Room

FilmScene — (Last Screening) Thursday, Dec. 10 at 8 p.m.

There is nothing beyond Room. That’s what Jack (Jacob Tremblay), one of the protagonists of Room, believes. It’s what his mother (Brie Larson) has taught him over the five years of his life held captive, along with his mother, by a man they call Old Nick. That belief breaks shortly after the movie begins, when the mother, Joy, reveals to her son that the sunlight, the leaf on the skylight, even the people on television are actually real. What’s beyond Room is the entire world.

Room, directed by Lenny Abrahamson and written by Emma Donoghue, is based on the 2010 book, also by Donoghue. If you haven’t read the book, then, I suspect, the unfast, deliberate pacing of the movie may bring out the tension in the plot. But if you have read the book, the film feels downright slow, with little of the anxiety that propels the book.

Which isn’t to say the movie lacks anxiety — there’s plenty. The tension in the film — especially at the turning point, when the camera first moves outside of Room — is, at times, almost unbearable. It continues after the imprisoned pair escapes, deep into the second, longer part of the movie in the outside world, in which the anxiety comes not from the horror of the crime but from the horror of how the crime continues.

As it continues, so too does the central allegory of the movie: Growing up, with the protagonists learning to live with an independence that loosens the bond between them. That allegory stays powerful rather than saccharine thanks to the complexities of the central characters, who propel the narrative with the development of their personalities and interactions post-Room. (The score, on the other hand, threatens to undo emotionally charged moments with maudlin orchestral swells.)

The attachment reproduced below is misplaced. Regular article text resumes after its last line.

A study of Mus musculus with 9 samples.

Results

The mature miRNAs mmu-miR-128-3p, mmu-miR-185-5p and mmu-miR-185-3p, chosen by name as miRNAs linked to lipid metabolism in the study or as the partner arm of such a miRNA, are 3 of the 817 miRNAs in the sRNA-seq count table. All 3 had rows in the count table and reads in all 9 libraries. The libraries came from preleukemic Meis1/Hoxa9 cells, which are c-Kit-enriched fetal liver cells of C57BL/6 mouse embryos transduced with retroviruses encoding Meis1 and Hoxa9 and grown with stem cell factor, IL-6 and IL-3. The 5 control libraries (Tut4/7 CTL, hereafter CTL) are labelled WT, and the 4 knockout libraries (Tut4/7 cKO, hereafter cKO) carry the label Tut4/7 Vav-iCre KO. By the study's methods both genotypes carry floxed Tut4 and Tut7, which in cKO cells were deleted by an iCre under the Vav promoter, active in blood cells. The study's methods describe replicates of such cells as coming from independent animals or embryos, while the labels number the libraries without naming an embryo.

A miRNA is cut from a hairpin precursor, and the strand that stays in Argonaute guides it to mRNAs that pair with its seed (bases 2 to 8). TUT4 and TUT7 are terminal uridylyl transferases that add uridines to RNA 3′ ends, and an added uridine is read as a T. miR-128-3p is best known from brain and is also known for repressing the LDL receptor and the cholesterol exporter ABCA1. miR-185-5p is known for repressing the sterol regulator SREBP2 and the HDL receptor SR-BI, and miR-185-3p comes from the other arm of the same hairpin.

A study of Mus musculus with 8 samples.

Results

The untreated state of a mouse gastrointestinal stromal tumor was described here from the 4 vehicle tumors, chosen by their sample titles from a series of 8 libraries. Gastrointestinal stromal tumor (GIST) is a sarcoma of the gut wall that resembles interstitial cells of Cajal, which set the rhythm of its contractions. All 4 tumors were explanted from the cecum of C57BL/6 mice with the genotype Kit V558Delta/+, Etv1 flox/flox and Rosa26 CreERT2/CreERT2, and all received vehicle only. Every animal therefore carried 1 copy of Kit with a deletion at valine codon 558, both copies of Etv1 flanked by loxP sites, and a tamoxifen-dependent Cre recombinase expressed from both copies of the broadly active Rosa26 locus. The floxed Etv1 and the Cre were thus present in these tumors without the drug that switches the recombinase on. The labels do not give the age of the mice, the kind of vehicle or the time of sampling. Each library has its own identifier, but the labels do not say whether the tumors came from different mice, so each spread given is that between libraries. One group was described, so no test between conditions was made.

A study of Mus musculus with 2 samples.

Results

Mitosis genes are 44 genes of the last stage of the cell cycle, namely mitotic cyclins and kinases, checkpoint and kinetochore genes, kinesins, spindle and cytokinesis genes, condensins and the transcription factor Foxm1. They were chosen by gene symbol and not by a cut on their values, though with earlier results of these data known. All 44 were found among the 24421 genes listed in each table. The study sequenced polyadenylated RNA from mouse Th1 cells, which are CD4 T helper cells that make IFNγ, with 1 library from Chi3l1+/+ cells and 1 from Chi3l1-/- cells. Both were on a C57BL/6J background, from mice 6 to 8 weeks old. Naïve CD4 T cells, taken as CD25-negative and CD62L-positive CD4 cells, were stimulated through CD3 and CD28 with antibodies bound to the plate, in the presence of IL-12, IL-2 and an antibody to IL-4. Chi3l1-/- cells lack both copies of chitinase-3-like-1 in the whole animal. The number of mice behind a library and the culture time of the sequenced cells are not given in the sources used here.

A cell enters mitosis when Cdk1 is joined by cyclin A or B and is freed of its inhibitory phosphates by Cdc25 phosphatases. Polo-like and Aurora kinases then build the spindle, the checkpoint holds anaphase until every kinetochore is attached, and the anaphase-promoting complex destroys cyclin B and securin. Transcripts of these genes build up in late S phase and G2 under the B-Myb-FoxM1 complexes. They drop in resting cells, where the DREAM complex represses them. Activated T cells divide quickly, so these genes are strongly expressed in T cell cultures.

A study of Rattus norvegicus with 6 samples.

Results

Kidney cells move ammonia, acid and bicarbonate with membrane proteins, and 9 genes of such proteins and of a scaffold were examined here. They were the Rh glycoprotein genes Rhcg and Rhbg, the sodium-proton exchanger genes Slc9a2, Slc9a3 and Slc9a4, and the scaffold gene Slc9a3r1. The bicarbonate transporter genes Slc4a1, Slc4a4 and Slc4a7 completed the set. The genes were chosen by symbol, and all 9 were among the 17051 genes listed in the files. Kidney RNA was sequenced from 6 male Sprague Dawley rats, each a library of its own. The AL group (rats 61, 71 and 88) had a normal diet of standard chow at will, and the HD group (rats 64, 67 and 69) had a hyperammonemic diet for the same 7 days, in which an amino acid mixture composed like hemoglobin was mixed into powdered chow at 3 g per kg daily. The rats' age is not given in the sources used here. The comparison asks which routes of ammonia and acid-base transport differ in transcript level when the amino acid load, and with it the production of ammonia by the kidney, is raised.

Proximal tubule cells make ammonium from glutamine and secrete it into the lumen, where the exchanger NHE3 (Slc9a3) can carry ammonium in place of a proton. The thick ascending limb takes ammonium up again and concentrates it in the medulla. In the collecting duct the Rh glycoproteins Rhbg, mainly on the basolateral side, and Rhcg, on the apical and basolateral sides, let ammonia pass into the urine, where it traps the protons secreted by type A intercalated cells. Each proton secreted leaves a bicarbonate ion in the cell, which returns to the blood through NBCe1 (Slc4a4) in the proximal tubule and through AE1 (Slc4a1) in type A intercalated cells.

As we see day-to-day life develop outside of Room — Jack plays with legos, Joy fights with her parents, gives a television interview — it’s impossible not to make comparisons to the bizarre quotidian of life inside Room: In the 11-by-11 space in which they’re confined, Jack and Joy run, make toys out of eggshells, shiver in cut-off-electricity cold and get separated at night when Old Nick comes in to rape Joy while Jack hides in a wardrobe. The whole time, the bond between mother and son seems not only believable, but almost normal, like that of a mother and son in the real, unimprisoned world. That’s testament to both the story itself and the extraordinary complexity with which Joy and Jack are played.